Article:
Frequently Asked Questions about Common Law Marriage in Alaska
What is common law marriage in Alaska?
Common-law marriage in Alaska is usually defined as a marriage in which no marriage certificate is received and no formal ceremony takes place.
In essence, the only indication that a marriage took place is a mutual agreement between both partners that they are engaged in a married union.
Ideally, the couple will also maintain a relationship similar to those of couples who have been traditionally married, a requirement that usually requires cohabitation and monogamy.
In fact, in some states, to prove the presence of a common-law marriage, other individuals in the community will be asked if they believe the couple is married, so this outward appearance of traditional marriage will count quite a bit.
The benefits of a common-law marriage are simply those of a regular marriage, in that they entitle a partner to all of the traditional advantages of marriage. In particular, a common-law marriage in Alaska would theoretically let one partner enjoy the other’s healthcare insurance.
In addition, any marriage discounts for federal taxation purposes will be considered. Finally, the probate of a partner’s estate will be greatly changed by the presence of a common-law spouse, who will be entitled to a large percentage of their partner’s goods.
The general practice of common law goes back for centuries, much before the presence of common law marriage in Alaska. It was developed prior to cars when it was more difficult for individuals to reach a priest or a government official.
The need for a formalized marriage could be particularly urgent in those days if a woman was found out to be pregnant, so the concept of a common-law marriage grew popular as a means to maintaining a pregnant woman’s virtue.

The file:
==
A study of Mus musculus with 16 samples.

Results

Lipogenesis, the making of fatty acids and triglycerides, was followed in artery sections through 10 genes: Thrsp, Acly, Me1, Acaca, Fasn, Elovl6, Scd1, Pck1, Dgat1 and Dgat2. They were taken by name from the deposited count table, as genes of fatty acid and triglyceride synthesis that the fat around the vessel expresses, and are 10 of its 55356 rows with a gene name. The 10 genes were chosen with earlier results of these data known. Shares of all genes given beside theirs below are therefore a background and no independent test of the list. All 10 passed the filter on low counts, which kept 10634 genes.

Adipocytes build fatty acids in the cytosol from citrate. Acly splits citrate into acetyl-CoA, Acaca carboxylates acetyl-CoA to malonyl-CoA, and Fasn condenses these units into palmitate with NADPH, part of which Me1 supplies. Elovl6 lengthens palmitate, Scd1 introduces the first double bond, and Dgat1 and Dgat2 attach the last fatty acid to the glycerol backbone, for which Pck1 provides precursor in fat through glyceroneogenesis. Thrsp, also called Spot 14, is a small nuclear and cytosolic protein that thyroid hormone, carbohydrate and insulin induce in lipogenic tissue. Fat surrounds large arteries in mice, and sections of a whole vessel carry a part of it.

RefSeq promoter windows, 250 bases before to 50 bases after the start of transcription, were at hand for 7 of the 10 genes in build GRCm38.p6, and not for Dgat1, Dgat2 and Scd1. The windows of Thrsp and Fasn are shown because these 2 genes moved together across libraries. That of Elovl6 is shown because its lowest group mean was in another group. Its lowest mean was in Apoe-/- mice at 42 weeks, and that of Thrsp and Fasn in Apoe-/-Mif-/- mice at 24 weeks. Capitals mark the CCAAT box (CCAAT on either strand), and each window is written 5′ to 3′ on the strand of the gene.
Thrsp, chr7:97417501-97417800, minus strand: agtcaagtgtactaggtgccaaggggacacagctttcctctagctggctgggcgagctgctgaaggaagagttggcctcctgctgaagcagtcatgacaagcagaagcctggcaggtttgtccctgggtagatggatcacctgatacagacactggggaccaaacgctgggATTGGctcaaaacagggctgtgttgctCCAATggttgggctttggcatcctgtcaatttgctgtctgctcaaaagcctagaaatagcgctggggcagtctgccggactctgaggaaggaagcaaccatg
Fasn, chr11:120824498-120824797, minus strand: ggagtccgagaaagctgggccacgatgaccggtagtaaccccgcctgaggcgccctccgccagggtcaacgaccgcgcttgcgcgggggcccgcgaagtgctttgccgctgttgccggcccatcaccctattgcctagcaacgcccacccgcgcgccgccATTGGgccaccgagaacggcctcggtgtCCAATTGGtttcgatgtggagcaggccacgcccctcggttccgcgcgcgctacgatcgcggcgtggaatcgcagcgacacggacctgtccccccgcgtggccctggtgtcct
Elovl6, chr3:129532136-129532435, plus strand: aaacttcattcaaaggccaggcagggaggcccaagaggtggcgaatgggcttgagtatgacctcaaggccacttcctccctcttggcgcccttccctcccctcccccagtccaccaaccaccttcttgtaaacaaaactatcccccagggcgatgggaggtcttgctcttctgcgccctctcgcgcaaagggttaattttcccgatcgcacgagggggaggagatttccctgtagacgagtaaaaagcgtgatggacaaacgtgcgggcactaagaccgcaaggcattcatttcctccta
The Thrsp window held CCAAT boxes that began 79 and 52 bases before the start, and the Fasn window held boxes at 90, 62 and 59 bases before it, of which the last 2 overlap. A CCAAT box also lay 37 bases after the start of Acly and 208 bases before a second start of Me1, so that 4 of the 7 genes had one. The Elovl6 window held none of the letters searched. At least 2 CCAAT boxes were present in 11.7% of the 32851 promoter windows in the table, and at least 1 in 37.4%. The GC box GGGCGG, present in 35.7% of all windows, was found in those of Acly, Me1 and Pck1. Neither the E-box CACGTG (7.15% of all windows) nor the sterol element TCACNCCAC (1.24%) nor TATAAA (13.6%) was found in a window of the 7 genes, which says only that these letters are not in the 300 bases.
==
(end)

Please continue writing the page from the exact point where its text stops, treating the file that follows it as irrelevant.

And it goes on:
Can I get a common law marriage in Alaska?
No, unfortunately, common law marriage is not currently legal in Alaska. This may not be too surprising. After all, only one-fifth of the country currently recognizes common law marriage.
In the years since its inception, the development of the car has made it easier for individuals to reach their nearest preach or government, official. Plus, the stigma around single motherhood has decreased considerably.
On the other hand, the illegality of common law marriage in Alaska is a surprise since Alaska is still the least densely populated state in the U.S. With so many remote areas, Alaska seems like the perfect setting for the last stand of common law marriage. Yet, such has not been shown to be the case.
Are there any alternatives to common law marriage in Alaska?
If you want to get a common-law marriage, there is still one option you can pursue—you can get a common-law marriage elsewhere. Then, once that’s obtained, the state will legally mandate recognition of your common-law marriage.
Alabama, Colorado, Iowa, Kansas, Montana, New Hampshire, Oklahoma, Rhode Island, South Carolina, Texas, and Utah all have some time of common law marriage laws on the books.